Choosing a surgeon to treat your medical condition is an important decision that can significantly impact the outcome and success of your procedure. While surgeons may be fully licensed and certified to perform your procedure, this does not ensure their skill level and experience in performing your individual procedure. Effective results will be best achieved by a surgeon who is comfortable with this type of procedure and has proven his/her skills through previous procedures.
Two most common mistakes...
1. Not getting a second opinion.
Although vocal cord paralysis is not rare, it is also not common. Most physicians who are qualified to treat vocal cord paralysis see only 1-4 patients a year. This makes it difficult for most doctors to honestly say they are extremely comfortable operating on these patients.
At the Osborne Head and Neck Institute, we have developed a reputation for treating vocal cord paralysis and are a referral source for doctors who wish to refer these difficult cases.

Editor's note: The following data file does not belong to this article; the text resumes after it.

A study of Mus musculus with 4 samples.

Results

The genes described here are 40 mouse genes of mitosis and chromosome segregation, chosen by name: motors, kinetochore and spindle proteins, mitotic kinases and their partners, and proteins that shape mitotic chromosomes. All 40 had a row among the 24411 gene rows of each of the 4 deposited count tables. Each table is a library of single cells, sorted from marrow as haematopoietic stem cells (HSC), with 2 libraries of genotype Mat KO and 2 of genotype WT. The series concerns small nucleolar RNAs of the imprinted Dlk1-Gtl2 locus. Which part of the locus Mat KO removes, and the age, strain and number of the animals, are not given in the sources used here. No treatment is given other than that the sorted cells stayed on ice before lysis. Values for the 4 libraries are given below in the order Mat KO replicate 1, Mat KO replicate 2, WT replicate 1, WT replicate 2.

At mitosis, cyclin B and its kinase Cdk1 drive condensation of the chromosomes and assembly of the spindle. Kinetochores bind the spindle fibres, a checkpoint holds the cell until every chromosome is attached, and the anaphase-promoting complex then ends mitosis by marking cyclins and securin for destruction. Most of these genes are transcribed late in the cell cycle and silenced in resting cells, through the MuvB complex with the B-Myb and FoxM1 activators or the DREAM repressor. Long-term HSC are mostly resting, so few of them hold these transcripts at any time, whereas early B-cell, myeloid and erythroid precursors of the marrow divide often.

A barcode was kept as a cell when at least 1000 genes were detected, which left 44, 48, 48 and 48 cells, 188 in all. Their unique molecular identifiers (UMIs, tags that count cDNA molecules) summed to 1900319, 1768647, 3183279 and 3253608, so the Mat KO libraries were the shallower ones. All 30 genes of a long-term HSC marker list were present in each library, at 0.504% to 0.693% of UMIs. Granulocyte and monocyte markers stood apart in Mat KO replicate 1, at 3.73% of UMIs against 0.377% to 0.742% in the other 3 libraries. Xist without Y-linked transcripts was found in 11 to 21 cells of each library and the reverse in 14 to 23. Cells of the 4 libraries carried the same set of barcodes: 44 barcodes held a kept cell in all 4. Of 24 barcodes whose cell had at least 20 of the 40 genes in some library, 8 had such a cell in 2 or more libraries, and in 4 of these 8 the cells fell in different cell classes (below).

Many of our patients have already had a surgery (i.e., thyroidectomy) and are unhappy with the appearance of their scar after the procedure. We also specialize in revision scars after other surgeries. Non-surgical techniques can often be used to improve the patient's appearance. This experience makes us extremely comfortable in managing your case.
2. Not appreciating the risks of hoarseness, failure to improve, and scar deformities associated with the surgery.
You should always:
Find out specifically how many procedures your doctor has performed.
Ask to see before and after pictures or videos of his/her patients.
The pictures should not only show how well the patients have healed but also how the patients’ voices sound. If the doctor can not show you pictures, they may not perform many of these procedures.
At the Institute, a laryngologist and Dr. Hamilton perform all of your surgeries, meaning that a laryngologist performs your voice surgery and a facial plastic surgeon performs your wound closure and cosmetic procedures. No residents, physician assistants, or medical students perform any part of your procedure, which is commonplace at many teaching hospitals and universities.